New program sharpens skills
Published 5:32 pm Wednesday, April 5, 2017
Students in Prince Edward County Elementary School — from kindergarten to fourth grade — have been participating in Covey Clubs, developing their skills and interests.
According to Principal Carolyn Jones, the clubs provide students with the opportunity to develop interests in a variety of areas.
“These areas include, but are not limited to, music, dance, jewelry making, reading, math and sign language,” Jones said. “At the end of each semester, students have the opportunity to showcase their newly-learned skills to their parents during Parent Night.”
Dr. Julie Gilliam, the division’s executive director of curriculum and instruction, said if the students are having difficulty with a certain skill, they’ll often go to intervention to receive skill support, but other times they’ll still do enrichment exercises.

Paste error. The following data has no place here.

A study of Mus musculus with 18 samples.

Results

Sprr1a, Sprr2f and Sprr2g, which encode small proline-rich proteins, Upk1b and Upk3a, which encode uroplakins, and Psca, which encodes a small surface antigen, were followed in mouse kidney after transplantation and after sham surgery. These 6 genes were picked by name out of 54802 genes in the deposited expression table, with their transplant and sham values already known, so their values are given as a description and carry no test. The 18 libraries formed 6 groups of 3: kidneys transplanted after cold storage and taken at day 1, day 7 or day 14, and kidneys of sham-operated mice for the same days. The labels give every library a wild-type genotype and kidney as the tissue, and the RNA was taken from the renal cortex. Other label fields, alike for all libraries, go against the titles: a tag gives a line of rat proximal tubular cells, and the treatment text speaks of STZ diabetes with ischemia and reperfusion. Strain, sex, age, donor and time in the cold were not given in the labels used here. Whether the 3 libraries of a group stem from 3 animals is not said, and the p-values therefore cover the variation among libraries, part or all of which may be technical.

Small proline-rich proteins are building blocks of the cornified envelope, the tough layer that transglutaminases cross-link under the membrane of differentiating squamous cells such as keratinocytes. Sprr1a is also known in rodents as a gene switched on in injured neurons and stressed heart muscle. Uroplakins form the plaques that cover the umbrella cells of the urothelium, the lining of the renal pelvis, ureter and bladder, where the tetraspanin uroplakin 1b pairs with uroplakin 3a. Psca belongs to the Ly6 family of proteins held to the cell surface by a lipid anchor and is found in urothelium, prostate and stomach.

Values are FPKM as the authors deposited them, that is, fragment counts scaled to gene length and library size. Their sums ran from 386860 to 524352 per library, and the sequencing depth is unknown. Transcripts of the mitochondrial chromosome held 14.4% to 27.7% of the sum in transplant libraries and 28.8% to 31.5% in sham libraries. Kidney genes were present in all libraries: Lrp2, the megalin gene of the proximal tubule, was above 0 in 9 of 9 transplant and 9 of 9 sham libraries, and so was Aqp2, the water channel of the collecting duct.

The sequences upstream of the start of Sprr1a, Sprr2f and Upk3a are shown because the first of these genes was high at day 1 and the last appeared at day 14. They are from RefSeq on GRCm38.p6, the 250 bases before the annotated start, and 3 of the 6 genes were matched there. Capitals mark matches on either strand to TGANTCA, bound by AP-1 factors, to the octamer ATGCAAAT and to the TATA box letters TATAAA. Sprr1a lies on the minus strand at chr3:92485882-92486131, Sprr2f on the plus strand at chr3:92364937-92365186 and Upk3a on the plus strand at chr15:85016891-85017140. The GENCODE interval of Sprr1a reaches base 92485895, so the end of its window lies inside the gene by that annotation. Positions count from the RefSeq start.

“They are called clubs, but embedded beneath the surface, there is also an opportunity for intervention if a student needs it,” Gilliam said. “It may be that you’re making jewelry one day, but you’re brushing up on some math skills another day.”
Gilliam said the enrichment period is a nice break in the day for students.
“We are adding in and removing new things all the time, so it may be that we have this for a while and then that goes away and something else new comes along so that, you know, they kind of have a variety and don’t always know what’s coming next,” she said.
Gilliam said the clubs were named after author Stephen Covey, who’s known worldwide for his book, “The Seven Habits of Highly Effective People.”
“The elementary school is a Leader in Me school; the Leader in Me program is devised from Stephen Covey,” Gilliam said.
Teachers at the school have been trained in the habits and how to translate them to students at younger ages, she said.